Tuesday, June 29, 2010

Observe / Observing / Observation

The last forty eight hours have been an exercise in observation. Me observing life, observing me, observing reactions - and sometimes quelling the urge to run fast in another direction. Or hit something hard. Very hard.

On the good side of things, I've been cleared to run again - however running will have to be undertaken slowly, cautiously and with reverence to the fact that I was a bee's fart away from snapping my right lateral gastrocnemius (calf muscle). The myotherapist is thrilled with my progress, but has warned me that I'm only half way through my recovery. The muscle may have bonded and the pain has gone, but now it's a matter of strenghtening the muscle again. I'm very pleased, but hear her warning. Great, just in time for Reindert to return to whip my butt, three weeks away from the Run Melbourne Half Marathon. I'm unsure what to do about that. I'll either have to ditch the race, do the ten kilometre trail or run/walk and take the longer distance carefully. At least this injury has won't impact too badly on the goal of doing the Marathon in October. It just means going a bit slower.

The Grounded Dutchman has returned too. I like having him back. However, the way some friends have reacted to his return is comparable to finding out your office has had an outbreak of the Ebola virus. Admittedly, I chose to not go to a birthday event for one of the dream group crew on Sunday in favour of firstly spending some time with Blarney and her boys before meeting up with him for coffee.

He's doing well. Nervous about the slur the accident has left him with, looking forward to starting work, wanting to start Pilates to strengthen bits that the months of Dutch therapy have neglected. He looks a little frail - somewhat reduced from when he left last year. Glen Waverley reckons he's aged five years. I just see that I have my friend back. Nothing more, nothing less.

So it was interesting when Gloria texted today asking how I was doing.

G: You okay P? Viv was surprised you seeing Dutchman. She might mention it.
P: Thanks for telling me. Nobody's business really.
G: True, but why so sensitive if nothing in it.
P: Don't like people assuming things that don't concern them
G: Calm down
P: Not heated, just stating a point.

Viv, our dream group co-ordinator has some pretty firm views on the Dutchman. (as has Gloria come to think of it)  And after the events and non-events from a few years ago I know why they're concerned, but I've grown up, moved on and the air is clear. Now I just need my friends to do the same. I love them dearly but sometimes I'd like to hit them. Hard.

The thing with the Dutchman is he needs a friend now - nothing more, nothing less. That's all that's going on. He's my friend, happy to be there. We still enjoy each other's company. He's like an old, favourite jumper - good to have around, even if the fit isn't perfect. Just like old friends are supposed to be like.

There was one more bit of news that had me watching myself. Dougall skyped me to tell me of the passing of Alice's father. He'd just taken her and Jasper to the airport for their flight back to England to be with her Mum.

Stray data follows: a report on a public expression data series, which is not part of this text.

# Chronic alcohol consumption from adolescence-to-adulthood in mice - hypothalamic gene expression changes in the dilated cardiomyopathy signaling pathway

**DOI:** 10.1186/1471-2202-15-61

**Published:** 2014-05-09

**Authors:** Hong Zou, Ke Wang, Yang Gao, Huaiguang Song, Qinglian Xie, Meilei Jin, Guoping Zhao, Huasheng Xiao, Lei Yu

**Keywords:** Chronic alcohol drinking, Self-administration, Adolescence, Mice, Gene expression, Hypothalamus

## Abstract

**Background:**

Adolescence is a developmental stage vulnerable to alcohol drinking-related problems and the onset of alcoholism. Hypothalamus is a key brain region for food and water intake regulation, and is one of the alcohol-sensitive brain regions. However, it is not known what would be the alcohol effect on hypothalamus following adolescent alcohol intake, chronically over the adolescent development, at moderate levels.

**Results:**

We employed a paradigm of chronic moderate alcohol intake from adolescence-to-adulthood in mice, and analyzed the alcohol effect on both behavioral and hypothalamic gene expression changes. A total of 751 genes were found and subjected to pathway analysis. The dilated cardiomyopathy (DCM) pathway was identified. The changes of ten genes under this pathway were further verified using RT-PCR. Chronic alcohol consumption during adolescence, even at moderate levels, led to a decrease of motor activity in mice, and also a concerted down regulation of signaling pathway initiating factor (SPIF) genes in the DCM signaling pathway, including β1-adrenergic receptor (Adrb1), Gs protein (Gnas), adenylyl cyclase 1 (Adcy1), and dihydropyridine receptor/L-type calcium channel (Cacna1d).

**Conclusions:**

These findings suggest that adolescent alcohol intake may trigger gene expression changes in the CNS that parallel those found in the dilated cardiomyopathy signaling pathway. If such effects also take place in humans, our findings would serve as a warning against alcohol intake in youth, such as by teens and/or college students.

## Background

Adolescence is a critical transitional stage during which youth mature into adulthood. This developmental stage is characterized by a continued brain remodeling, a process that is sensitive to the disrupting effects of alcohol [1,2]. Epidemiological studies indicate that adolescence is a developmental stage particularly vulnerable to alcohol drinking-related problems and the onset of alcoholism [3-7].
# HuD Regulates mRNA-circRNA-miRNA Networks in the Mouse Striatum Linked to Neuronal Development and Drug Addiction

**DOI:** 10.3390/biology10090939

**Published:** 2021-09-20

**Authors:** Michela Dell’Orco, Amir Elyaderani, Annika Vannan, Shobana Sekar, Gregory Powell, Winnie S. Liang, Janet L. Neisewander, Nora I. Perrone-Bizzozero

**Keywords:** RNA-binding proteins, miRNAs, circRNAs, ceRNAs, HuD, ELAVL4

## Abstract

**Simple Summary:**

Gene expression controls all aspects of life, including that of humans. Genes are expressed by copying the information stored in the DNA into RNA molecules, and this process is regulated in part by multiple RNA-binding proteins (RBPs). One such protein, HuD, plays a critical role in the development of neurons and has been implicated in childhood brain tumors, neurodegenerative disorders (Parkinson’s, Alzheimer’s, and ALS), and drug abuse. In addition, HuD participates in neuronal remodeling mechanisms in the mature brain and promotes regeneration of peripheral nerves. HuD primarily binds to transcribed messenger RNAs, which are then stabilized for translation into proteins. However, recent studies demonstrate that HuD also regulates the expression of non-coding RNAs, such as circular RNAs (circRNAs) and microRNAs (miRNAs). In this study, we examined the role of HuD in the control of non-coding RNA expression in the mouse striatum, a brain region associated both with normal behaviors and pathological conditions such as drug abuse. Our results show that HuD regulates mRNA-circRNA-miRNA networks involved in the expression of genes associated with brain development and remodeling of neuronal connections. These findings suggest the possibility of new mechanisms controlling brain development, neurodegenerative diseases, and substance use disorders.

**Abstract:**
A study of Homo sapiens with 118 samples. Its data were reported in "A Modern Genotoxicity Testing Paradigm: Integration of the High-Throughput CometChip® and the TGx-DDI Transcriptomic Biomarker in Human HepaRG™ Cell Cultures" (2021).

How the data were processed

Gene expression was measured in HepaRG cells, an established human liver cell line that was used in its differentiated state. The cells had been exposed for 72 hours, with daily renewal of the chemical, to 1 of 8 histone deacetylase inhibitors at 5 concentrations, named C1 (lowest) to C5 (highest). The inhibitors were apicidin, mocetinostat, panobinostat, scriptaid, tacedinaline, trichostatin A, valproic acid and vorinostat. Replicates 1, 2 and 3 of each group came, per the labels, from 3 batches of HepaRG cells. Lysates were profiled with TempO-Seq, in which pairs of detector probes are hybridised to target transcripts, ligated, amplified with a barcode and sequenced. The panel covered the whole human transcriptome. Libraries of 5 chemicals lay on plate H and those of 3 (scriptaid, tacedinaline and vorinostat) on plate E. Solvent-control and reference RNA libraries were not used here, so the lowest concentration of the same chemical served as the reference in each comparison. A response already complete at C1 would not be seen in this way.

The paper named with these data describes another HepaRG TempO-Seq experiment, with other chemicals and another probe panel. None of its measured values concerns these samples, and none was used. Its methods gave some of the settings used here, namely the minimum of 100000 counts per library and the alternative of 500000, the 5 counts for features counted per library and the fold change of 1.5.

Alice was close to her Dad and the last few months, watching his decline from the other side of the world has taken a toll on her. She's been fortunate to spend some time with him over Christmas and Easter, coming to terms with the fact that he was dying, being there for her mother, coming to terms with the fact that the outcome was inevitable. Unfortunately for Alice, there's been a bit of death around her in the last year with her Grandfather passing early last year.

I take a step back when things like this happen. I can feel Alice's pain and grief. I know the confusion she must be feeling as well as the sense of relief, knowing that her father is no longer suffering, her mother, no longer waiting. I know that certain sadness you feel when this happens.

What I can't relate to is what it's like to lose somebody you're close to - with whom you have a loving bond. I get the confusion and hurt, but does she feel the rage and questioning of the departure of somebody with whom you had a strained relationship? The anger you feel for not being able to resolve all of these feelings you had for the departed?

I'm glad I can run again. It will give me a chance to work my head out in a healthy way.

The flowers were ordered online this afternoon and sent to her mother's house in Essex. It took me half an hour to come up with the words, 'To Alice and family, With love at this sad time, Pand.' There really isn't anything you can say. I've sent instructions with Dougall to call if they need anything. As they're all over in England, I can't do the practical things like take around food or vodka.

And I'm left to watch myself. I try not to think back fourteen years to when my own father passed, the isolation and abject loneliness I felt at the time, nor of the wholesale grief I was feeling. I try to focus on the wonderful help that I got from grief counselling. It was a blessing from this time - that was about it.

I also focus the knowledge that if the same thing was to happen today, there would be people there for me.



Kath Lockett said...

Your conclusion is a wise one and one that I hope is also true for your friend.

I haven't lost a parent and just the thought of it...no, can't go there just yet.

Take care of your running injury and see it as a badge of honour - only those who are actually using their legs to the extent you are (half marathon, marathon in October), are the ones who get them!

Pandora Behr said...

Don't go there Kath, it is a truly awful place. May you not have to cross that bridge for a very long time.

Indeed the injury has been a good thing - body's ready to ramp up again (albeit slowly) sitting here looking at the new Mizuno's the end of my legs, knowing they'll get a walking in tonight on the way home.